We join with you, and people around the world, who grieve the loss of the children and school staff who died in school violence last week. Twenty children and six staff died in Connecticut and, that same week, a man went into a school in central China and stabbed 23 children. Whatever reasons emerge for this tragic behavior, our hearts and prayers go out to those who died, their families and friends, and for those whose internal pain was expressed in such an angry and horrible way.
In the midst of a holiday season, it is hard to feel joyous as we, as a nation, try to make sense of the deaths and injuries to all these beautiful children. The winter solstice on Dec. 22, though expressed differently by many spiritual traditions, marks the shift from darkness into light, from despair into hope. May we gather strength from each other as we move strongly into the love and light of the new year.
As a nation we will look at what policy changes can help prevent such disasters from reocurring. However, as individuals, we can all do our part, in whichever sphere we live, to bring peace and love to each other. I had already planned to tell you the following, and now the stories that follow seem even more important.
Two members of our community recently participated in the People to People Ambassador Program, which began with an idea during a Geneva summit where President Dwight Eisenhower and Soviet Premier Nikita Khrushchev agreed to support exchange programs as a means to ease Cold War tensions. From that conference, People to People was born. Although originally operated by the U.S. Information Agency, it was subsequently privatized and now is open to all who want to participate.
Courtney Nichols, daughter of Marsha and Curtis Nichols, is a sophomore and honor roll student at Rappahannock County High School. She wanted to go on the trip to England, France and Germany “mostly to experience the lifestyles of other teenagers my age, learn the history and most importantly get to know new people – not only from the area but all the way across the world.”
The best part of the trip for her was meeting Sara Hagele, the 15-year old daughter of her homestay family in Germany. “They invited me in with open arms. I spent three days with them and I made a friend and family for life.” Courtney believes that the European Heritage Trip changed her life for the better.
“It has broadened my horizons and it has made me realize that there is more to the world than what we see in our everyday lives,” she said. The trip was made possible by her parents’ support and from the generous contributions of citizens of the community after an article appeared in this column on May 24.
Patti Brennan, Sperryville’s stained glass artist, elected to visit Cuba. This is her story:
My family and I had the opportunity to travel to Havana, Cuba recently. I wasn’t sure what to expect. The stories of this country create doubt about visiting it. One of the reasons we wanted to visit Cuba is because we now can. For so many years we knew very little about a country that is such a close neighbor. We went with a tour company that offered a “People to People” cultural exchange. Our trip included many personal, one-to-one opportunities.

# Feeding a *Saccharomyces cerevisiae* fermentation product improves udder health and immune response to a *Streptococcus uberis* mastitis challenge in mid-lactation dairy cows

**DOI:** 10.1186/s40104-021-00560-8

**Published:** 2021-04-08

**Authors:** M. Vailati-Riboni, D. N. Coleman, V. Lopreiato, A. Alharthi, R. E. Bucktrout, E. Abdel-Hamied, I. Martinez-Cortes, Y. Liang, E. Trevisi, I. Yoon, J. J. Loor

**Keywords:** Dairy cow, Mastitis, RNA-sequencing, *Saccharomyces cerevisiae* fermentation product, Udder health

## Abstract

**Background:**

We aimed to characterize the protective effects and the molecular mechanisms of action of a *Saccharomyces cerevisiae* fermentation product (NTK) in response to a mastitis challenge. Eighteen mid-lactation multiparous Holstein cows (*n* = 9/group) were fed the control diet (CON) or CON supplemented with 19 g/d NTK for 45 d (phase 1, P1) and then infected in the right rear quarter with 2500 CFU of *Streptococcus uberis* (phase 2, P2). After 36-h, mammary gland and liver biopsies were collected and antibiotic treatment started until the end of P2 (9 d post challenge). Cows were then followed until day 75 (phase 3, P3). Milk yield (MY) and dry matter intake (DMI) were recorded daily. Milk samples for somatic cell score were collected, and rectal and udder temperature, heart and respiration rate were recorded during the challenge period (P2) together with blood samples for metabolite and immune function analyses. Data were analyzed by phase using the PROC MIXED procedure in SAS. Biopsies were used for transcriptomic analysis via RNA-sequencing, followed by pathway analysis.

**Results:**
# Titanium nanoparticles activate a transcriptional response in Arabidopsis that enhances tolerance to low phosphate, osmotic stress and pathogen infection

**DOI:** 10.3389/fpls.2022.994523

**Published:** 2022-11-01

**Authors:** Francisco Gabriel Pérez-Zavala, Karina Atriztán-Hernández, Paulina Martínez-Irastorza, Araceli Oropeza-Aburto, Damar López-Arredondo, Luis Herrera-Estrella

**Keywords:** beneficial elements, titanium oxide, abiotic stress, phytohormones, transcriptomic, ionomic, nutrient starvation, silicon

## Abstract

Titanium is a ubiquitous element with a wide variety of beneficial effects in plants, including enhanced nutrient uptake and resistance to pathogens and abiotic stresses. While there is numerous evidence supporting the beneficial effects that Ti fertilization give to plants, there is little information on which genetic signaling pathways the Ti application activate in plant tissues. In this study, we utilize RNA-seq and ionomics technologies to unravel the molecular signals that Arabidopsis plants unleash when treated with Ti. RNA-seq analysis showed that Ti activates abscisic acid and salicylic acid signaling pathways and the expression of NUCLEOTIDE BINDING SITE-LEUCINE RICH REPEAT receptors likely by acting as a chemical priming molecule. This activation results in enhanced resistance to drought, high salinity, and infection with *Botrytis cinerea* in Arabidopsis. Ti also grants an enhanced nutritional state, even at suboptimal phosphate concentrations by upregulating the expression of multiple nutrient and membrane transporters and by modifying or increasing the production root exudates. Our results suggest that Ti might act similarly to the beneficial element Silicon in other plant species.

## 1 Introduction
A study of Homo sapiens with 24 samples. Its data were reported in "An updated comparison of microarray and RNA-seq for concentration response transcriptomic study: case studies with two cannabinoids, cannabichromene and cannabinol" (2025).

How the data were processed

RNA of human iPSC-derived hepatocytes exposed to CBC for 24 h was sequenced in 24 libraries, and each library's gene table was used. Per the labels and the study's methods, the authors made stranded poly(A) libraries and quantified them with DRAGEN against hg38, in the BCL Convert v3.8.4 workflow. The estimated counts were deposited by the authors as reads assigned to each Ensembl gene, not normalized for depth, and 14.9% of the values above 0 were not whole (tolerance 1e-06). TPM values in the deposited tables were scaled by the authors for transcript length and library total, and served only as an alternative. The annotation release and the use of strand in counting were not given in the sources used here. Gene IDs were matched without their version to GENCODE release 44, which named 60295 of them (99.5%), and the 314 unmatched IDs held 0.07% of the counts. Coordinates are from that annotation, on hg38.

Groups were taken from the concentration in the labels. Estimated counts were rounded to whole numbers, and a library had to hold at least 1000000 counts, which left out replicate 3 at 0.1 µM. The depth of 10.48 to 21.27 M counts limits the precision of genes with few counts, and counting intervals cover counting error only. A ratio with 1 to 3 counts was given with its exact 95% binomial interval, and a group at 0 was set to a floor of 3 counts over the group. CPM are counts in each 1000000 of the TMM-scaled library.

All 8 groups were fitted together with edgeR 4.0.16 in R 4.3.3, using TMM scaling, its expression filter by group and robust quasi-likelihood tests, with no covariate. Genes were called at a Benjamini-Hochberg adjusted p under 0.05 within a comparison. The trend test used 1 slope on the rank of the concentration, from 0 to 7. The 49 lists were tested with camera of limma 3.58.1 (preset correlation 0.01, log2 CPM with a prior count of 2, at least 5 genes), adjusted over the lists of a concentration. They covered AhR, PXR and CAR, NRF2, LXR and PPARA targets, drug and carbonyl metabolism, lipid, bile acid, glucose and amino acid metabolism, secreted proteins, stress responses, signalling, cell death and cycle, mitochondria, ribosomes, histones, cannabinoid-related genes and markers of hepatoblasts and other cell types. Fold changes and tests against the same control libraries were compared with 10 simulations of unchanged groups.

Much to our surprise, our experience fell nothing short of amazing. Cuban people are gracious and friendly and the diverse architecture of Havana was incredible to see. They have so many old U.S. cars it made us realize how resourceful these people are to be able to still keep so many running.
There is a unique quality of contagiousness in the rich Cuban art and music. We visited several communities where the pure spirit of these people shines through in their joy of creating. One community was Fusterland, a mosaic project by world-renowned artist Jose Fuster. He has inspired the small fishing town he lives in outside of Havana to decorate more than 80 houses with this amazing ornate mosaic artwork. It was like visiting a mosaic Disneyland.
Another community, Muraleando, has created mural art and sculpture where there once was trash. The art became a source of pride for the entire community, uplifted the attitude of the way they lived and helped them come together to create a better place to live. They involved the children of the community and used their inspiration to draw the artwork on all the walls. We spoke with one young man who had been a troubled youth and explained how he has turned his life around because of the great energy in being part of such a positively engaged neighborhood.
Many times I felt like the magic we share here in Rappahannock was in Cuba, too. They have larger hurdles to overcome to achieve what they have, but their spirits are so bright and positive. My hope is that more people will visit this wonderful place and enjoy it as much we did. At Middle Street Gallery, in May 2013, I will be co-exhibiting some of my photographs of our trip, along with Gary Anthes, who also just visited Cuba. I hope you will come by Middle Street Gallery to enjoy them with us.
May each of us, in our own way, seek to increase outreach to others, peace and love, in the light of the new year.